The Jammu and Kashmir government is exploring legal options to challenge the Army's recent verdict on the Pathribal fake encounter case.
The Army, on January 23, had closed its probe in the case after acquitting five accused soldiers, saying the evidence recorded could not establish prima facie charges against any of them. This was in spite of the Central Bureau of Investigation (CBI) holding them guilty.
State chief minister Omar Abdullah had, on January 24, hinted that his government would file a review on the verdict, immediately after the news about the closure of case was made public.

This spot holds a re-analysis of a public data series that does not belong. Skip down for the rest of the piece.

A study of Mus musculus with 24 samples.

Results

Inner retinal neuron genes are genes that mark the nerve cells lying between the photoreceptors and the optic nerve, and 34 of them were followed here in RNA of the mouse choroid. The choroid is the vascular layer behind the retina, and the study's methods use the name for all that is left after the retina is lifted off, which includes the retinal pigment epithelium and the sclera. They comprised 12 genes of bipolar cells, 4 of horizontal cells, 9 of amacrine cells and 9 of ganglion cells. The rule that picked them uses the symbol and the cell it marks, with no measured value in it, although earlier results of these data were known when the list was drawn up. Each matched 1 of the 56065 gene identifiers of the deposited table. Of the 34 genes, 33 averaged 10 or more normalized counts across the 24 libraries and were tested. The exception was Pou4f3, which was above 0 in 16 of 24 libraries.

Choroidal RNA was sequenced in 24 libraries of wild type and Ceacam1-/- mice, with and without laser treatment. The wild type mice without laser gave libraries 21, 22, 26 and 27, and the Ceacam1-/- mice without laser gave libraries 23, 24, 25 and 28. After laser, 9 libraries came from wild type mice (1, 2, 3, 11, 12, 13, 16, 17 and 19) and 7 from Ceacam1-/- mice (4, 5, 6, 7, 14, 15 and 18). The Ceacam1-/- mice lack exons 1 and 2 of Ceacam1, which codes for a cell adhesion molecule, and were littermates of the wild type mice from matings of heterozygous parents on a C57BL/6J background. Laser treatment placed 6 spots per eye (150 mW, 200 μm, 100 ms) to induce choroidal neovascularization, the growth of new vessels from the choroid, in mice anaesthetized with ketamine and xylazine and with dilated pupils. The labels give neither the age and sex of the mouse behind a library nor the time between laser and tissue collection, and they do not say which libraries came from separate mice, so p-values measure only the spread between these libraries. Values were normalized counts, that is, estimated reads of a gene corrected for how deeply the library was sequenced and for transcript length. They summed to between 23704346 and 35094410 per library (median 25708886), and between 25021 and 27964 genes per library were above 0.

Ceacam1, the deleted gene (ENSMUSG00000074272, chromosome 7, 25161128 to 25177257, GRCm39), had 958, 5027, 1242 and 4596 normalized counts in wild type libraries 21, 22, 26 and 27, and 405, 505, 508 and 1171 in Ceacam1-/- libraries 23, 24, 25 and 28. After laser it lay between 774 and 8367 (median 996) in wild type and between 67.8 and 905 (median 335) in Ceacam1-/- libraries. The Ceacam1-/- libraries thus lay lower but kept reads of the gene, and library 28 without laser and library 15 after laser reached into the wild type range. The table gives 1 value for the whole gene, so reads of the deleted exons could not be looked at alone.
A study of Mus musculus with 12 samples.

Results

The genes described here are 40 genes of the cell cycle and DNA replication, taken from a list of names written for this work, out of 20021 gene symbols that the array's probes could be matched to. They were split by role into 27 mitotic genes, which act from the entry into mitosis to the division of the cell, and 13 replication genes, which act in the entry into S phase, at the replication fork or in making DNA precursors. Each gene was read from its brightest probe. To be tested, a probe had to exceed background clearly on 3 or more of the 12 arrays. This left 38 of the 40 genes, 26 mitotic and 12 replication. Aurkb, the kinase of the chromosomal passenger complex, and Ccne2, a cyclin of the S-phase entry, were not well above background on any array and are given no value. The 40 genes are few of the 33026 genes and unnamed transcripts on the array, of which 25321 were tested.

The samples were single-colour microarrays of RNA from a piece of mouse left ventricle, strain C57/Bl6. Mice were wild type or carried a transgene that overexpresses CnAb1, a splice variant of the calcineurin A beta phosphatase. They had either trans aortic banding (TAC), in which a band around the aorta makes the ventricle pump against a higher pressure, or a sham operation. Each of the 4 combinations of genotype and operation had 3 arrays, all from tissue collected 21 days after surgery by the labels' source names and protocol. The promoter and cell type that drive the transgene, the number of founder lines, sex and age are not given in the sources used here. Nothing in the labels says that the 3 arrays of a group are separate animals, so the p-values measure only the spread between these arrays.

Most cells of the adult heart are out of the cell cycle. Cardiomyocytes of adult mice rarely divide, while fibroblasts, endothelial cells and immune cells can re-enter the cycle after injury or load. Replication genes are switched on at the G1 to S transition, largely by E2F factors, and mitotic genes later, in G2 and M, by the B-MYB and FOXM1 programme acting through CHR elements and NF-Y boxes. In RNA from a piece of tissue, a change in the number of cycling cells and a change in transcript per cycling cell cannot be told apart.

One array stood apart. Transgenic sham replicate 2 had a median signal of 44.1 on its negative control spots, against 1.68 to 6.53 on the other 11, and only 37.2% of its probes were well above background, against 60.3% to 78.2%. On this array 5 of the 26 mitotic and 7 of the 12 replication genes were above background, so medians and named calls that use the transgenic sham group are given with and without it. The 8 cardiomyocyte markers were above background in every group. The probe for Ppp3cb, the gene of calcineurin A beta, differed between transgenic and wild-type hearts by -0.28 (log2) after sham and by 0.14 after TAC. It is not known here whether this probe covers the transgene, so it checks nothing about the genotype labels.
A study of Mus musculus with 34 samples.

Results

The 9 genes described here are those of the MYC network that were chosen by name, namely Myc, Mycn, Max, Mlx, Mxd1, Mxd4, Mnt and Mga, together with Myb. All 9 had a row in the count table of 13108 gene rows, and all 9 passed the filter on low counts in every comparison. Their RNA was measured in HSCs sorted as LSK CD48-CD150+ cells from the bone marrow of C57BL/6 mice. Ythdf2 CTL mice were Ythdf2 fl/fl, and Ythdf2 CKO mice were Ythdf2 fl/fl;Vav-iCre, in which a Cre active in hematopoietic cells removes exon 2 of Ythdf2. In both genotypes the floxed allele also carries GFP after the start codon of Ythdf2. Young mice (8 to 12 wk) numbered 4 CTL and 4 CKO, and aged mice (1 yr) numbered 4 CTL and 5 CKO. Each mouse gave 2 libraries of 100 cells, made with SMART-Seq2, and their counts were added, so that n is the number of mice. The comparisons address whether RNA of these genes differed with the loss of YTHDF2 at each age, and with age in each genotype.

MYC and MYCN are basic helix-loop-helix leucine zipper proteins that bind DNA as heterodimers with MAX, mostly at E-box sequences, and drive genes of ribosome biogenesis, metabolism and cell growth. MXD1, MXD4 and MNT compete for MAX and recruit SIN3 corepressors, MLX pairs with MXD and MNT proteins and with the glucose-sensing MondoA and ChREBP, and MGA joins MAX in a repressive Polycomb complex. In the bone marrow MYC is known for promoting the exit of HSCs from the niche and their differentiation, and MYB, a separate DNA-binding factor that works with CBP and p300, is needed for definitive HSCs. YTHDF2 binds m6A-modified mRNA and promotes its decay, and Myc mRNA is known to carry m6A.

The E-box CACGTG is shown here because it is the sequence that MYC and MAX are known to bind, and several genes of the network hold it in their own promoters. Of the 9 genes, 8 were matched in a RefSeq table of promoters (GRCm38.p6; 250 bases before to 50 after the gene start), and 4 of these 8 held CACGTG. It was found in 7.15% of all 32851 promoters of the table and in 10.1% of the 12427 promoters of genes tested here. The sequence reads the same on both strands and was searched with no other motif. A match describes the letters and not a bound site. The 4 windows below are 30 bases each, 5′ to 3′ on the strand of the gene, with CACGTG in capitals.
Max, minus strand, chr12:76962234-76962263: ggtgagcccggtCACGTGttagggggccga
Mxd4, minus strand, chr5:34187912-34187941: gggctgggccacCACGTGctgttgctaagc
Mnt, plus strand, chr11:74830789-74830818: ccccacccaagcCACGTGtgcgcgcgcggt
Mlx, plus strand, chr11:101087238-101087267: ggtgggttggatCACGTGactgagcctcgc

In an interview to a national news channel, Abdullah said on Tuesday, "The Army has said that they don't have enough (evidence) to proceed with the court martial. I hope the Indian government recognises that the Army's decision has not gone down well. This is a matter which is currently in front of the Supreme Court as well. The AFSPA argument will come up again. The CBI has found evidence, how can the Army say that they cannot accept this?"
According to reports, the state home department has asked the law department to get relevant documents about the case. The documents, according to police sources, have been submitted to the authorities concerned.
Meanwhile, in a closure report submitted to the Srinagar chief judicial magistrate, General Officer Commanding (GOC) of the 16 Corps Lt gen DS Hooda had blamed the Jammu and Kashmir police for the encounter. The report says that the Pathribal operation was jointly launched by the police and the Army after a 'tip-off' by the police.